Sunday, June 6, 2010

Portage Adventure

I made my first trip to Caribou lake on a gorgeous day with the Professor and Gord this June. It was a true adventure with some great small mouth bass and pike fishing on Caribou lake. The only lures these fish see are the ones cast by Gord's guests and a few fly-in trips.

Because lake levels are a bit low we took the first portage to Clearwater rather then navigate the 100+ turns and beaver dams on the river. We took the camp boat across Eagle to the bay where the portage begins. It was a bit mucky, but its less than a 20 minute portage compared to a 1-2 hour trip up Clearwater creek.

After reaching the other side of the portage, we took one of Gord's two boats to get to the other side of Clearwater. Earlier in the week we devoted a full day to fish out of this boat for lake trout and pike, but on this day it was simply transportation to McGregor lake.

We took the short portage to McGregor Lake. The creek has low water levels and a beaver dam so we took a slightly longer portage that took us through some beautiful green moss. A short boat trip in one of Gord's boats took us over to the creek coming from Otter Lake. This portage has some wild iris.

At the end of this short portage we arrived at a very small row boat with a weight limit of about half of what we were soon loading.
Here, Gord did his best imitation of a motor to get us across Otter Lake.
At the end of Otter Lake we had one last portage about the same length as the first but completely dry and relatively flat. This section of trail had several lady slipper orchids.

At the end of this portage we were greeted with our last boat and a motor that gratfully started!

We were not disapointed as the bass and pike fishing was excellent. We were hard pressed to find a lure that didn't catch fish. Even the over-promoted banjo minnow was a killer!

Of course we then had to make the return trip! In actuality, these photos were taken in the reverse order. The good news? We had two coolers of nicely chilled beverages waiting us on the return trip. Gord was introduced to Capital Brewery's (Middleton, Wisconsin) newest beer - Supper Club. Personally, I haven't found a beer brewed by Capital that I didn't enjoy.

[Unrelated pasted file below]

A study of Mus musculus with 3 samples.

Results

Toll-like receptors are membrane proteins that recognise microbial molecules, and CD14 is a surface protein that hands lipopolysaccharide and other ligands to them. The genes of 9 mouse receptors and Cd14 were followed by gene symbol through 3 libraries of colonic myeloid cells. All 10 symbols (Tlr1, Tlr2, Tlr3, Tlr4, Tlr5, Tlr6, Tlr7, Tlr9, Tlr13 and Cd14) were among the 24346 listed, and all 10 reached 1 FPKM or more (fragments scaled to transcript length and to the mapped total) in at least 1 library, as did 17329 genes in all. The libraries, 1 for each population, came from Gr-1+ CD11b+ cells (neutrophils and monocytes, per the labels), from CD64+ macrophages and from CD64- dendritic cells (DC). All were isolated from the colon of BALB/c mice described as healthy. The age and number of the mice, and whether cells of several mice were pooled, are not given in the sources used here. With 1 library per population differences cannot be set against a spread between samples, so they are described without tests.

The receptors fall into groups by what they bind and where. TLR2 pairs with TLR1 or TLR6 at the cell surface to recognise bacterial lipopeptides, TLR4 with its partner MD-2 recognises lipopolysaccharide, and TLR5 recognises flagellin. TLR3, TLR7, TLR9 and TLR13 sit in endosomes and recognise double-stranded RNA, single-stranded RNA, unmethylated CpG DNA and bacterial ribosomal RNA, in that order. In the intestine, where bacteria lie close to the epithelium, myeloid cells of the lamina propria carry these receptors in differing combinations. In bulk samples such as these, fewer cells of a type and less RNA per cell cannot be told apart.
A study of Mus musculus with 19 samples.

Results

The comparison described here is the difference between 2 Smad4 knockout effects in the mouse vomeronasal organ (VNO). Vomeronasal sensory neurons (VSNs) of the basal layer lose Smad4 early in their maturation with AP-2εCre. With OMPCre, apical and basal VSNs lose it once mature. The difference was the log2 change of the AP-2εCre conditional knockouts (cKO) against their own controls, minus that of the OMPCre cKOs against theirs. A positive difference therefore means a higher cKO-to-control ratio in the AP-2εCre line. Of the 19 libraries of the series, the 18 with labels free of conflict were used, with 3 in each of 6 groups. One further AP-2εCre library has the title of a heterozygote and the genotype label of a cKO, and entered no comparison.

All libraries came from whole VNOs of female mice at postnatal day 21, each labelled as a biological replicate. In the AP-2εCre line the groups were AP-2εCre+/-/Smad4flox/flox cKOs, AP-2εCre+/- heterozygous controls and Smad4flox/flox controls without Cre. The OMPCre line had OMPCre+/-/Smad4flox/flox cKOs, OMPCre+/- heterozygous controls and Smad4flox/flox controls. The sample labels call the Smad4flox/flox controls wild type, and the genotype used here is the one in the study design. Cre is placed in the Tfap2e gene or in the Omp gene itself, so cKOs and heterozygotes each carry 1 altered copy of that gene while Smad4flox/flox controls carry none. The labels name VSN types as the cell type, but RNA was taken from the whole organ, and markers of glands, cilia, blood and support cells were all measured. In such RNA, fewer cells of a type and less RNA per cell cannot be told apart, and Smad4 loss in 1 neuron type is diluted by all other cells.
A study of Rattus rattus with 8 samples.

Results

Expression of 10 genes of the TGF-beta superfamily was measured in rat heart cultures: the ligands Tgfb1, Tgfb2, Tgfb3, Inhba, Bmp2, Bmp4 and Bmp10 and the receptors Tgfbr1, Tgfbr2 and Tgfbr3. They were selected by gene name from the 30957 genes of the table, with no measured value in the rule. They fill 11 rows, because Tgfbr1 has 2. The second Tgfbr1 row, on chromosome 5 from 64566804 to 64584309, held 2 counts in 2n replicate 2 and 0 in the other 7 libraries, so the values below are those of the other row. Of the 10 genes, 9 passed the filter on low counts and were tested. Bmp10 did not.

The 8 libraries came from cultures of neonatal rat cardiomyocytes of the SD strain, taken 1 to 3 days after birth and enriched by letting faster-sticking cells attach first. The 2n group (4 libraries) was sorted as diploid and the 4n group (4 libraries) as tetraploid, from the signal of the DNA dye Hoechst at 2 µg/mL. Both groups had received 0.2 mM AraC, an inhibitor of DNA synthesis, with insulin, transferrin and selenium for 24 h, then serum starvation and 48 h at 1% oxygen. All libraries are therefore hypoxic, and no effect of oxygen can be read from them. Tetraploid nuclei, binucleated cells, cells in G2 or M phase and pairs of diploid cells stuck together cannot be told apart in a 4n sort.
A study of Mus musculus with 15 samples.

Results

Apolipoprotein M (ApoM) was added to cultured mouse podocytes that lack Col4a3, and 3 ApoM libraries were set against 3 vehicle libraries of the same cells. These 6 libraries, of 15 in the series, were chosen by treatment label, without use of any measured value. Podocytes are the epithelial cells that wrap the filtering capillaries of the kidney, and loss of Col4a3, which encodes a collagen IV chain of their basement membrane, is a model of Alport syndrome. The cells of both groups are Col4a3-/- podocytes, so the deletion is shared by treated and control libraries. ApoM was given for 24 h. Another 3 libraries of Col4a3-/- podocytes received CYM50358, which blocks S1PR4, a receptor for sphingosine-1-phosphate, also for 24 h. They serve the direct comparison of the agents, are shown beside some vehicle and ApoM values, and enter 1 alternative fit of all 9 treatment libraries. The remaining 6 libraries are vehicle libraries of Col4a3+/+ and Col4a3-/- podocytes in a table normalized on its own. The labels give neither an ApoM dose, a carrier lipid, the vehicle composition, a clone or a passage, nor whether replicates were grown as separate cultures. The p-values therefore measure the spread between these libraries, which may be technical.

1. Well Andy you have now answered the BIG question for me I am not taking that trip with Gord or any other adventure with him... Way to much work for a cold beer.
    Great job on the bass now the burning question is did the pike have any size to them after all that?
    Think Gord mention something about 40-50" pike are common.......
    Looks like some great sites on the trip I will admit.

  2. 50 inch pike are common? You must be referring to another website where 12 - 14 pound walleye are commonly caught here on Eagle Lake! No need to set off the "bullshit alert".

    Hey, what's with the picture of me standing by Otter Lake?

  3. O-So sorry I got confused for a minute.
    Sling the BS if you want....
    12-14lb walleye man I have to go to the camp think they mean 12-14" walleye and catching 100-150 of them per trip burning up several dozen minnows. HAHA!!!!

  4. Looking through the pictures I am going to post in part 2. and you know what?
    I am ready to go back. The pictures are nice to look at but it just wants me to go back sooner.

  5. Andy,,,Nice pics from our Caribou adventure. There is something very special abouit visiting a destination that few people value enough to go to. Real solitude--it's great.

  6. Perchmaster,

    I can honestly say that I have never caught a 50" pike. It's on my bucket list.

    We did catch a lot of pike on this lake and Gord put us right on the spot. These were all very healthy, beefy fish with none of the snakes. None however, exceeded 40". However, from what I saw, I can guarantee you that they are there. One of those pike is still wearing my nice shiney Mepps Lone Wolf spoon. You will have to ask Gord how that happened.

    All of this leads me to a recommendation on a new musky bait for Charles....a night crawler. The big fish for the trip was a musky I accidentally caught in the 42"-45" range on a crawler harness! In an effort to make a quick release, we did not measure. As I look at the one picture I snapped, it continues to grow. The head is enormous. Of course the professor is holding it.